Industrial strike action by Norwegian offshore workers entered a second week after talks with employers failed to resolve a dispute regarding pensions.
The SAFE trade union said in a statement on its website: "It was clear there was no basis to continue the talks."
Meanwhile, the Norwegian Oil Industry Association said in a statement: "Unreasonable demands for early retirement mean that we cannot agree."
Labour unions met on 6 July to decide whether to escalate the strike, which may have an impact on more oil fields.
Statoil said it is planning to shutdown production on the Norwegian continental shelf (NCS), following a notice of lockout by the Norwegian Oil Industry Association (OLF).
The lockout was imposed on all members of Industri Energi, the Organisation of Energy Personnel (SAFE) and the Norwegian Organisation of Managers and Executives who are covered by the offshore pay agreements.
How well do you really know your competitors?
Access the most comprehensive Company Profiles on the market, powered by GlobalData. Save hours of research. Gain competitive edge.
Your download email will arrive shortly
Not ready to buy yet? Download a free sample
We are confident about the unique quality of our Company Profiles. However, we want you to make the most beneficial decision for your business, so we offer a free sample that you can download by submitting the below formBy GlobalData
The notice follows strike action taken by workers form Industri Energi, SAFE and Lederne on 24 June.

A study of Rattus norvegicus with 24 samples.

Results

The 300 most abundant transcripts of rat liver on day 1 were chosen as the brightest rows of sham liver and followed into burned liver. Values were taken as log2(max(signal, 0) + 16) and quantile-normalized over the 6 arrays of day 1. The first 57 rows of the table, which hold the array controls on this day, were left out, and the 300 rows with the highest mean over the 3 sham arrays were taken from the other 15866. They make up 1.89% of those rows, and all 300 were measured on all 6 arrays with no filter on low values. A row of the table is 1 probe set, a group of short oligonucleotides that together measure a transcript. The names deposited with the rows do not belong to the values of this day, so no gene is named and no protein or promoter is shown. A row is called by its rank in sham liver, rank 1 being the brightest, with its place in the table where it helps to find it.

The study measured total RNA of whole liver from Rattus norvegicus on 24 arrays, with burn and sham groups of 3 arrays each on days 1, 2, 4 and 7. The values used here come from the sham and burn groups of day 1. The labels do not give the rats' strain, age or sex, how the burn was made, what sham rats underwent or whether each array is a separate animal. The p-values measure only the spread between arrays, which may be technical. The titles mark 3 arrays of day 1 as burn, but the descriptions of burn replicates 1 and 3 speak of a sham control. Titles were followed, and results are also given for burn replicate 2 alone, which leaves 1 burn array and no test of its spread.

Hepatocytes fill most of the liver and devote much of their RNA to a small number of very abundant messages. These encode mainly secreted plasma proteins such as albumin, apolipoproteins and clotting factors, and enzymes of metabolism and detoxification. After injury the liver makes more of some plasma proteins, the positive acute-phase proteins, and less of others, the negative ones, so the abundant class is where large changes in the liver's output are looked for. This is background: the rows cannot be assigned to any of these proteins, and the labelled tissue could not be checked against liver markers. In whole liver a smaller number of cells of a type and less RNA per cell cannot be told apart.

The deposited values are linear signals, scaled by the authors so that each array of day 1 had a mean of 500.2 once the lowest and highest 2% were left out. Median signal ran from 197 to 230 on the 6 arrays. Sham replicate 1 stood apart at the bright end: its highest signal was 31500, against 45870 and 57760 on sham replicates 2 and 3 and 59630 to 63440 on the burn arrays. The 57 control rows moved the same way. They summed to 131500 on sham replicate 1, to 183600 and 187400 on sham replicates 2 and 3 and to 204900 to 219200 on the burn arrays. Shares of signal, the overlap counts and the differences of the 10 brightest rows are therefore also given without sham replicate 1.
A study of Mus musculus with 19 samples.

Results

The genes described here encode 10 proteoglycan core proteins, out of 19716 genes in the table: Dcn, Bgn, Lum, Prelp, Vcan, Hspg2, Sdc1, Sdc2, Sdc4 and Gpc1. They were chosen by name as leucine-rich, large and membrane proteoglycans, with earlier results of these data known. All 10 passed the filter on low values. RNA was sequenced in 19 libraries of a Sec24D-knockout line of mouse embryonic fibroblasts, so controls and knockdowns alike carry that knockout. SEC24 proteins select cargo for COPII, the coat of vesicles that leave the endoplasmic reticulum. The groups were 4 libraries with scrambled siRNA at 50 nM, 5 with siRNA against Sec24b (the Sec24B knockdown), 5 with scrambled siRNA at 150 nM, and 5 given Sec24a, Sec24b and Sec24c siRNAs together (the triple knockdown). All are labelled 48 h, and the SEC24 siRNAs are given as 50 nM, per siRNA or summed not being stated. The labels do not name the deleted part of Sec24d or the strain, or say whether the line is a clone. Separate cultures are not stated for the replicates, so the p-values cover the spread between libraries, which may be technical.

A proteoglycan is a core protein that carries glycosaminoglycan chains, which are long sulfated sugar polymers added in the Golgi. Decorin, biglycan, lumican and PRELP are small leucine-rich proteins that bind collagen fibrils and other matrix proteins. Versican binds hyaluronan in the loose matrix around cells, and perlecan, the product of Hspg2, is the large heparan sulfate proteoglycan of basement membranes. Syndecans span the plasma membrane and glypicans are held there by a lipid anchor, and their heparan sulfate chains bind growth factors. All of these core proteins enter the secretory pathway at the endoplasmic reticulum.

Cost overruns and technical setbacks have led British Petroleum (BP) to suspend its $1.5bn Liberty offshore project in Alaska.
Liberty offshore oilfield is located four miles off the northern coast of Alaska in Foggy Island Bay, in the Beaufort Sea.
Dawn Patience, BP Exploration (Alaska) spokesperson, was quoted by Reuters as saying that an 18-month company review concluded that the Liberty project, a field with about 100 million barrels of recoverable oil, should not go forward as planned.
"We are not going to pursue Liberty in its present form. The project, as it’s designed right now, doesn’t meet BP’s standards," said Patience.
Offshore drilling increased by 64% during the second quarter of 2012 on the UK Continental Shelf (UKCS), when compared to the same period in 2011, according to a new report by Deloitte.
The report shows that 18 exploration and appraisal wells were drilled in north-west Europe between 1 April and 30 June, which also represents a 64% increase on the first quarter of 2012.
Meanwhile, deal activity rose by 47% during this period compared to Q2 in 2011, indicating a positive outlook for the UK oil and gas industry, according to Deloitte.
The UK Government has announced a new tax relief to support gas investment in the UK Continental Shelf.
A £500m field allowance for large shallow-water gas fields, with water depths of fewer than 30m, will be established with the aim of attracting future investment in North Sea gas.
A new gas strategy will also be published by the government later in 2012, as part of its plan to provide certainty to investors on the UK’s long-term commitment towards gas.
Centrica has reported a 15% rise in adjusted operating profits to £1.45bn for the period ended 30 June 2012.
"The results also include a 14% rise in residential services to £125m, while total downstream profits in the UK rose."
Operating profits at the company’s residential energy division, British Gas, rose to £345m, up 23% from 2011.
The results also include a 14% rise in residential services to £125m, while total downstream profits in the UK rose by nine percent, to £563m.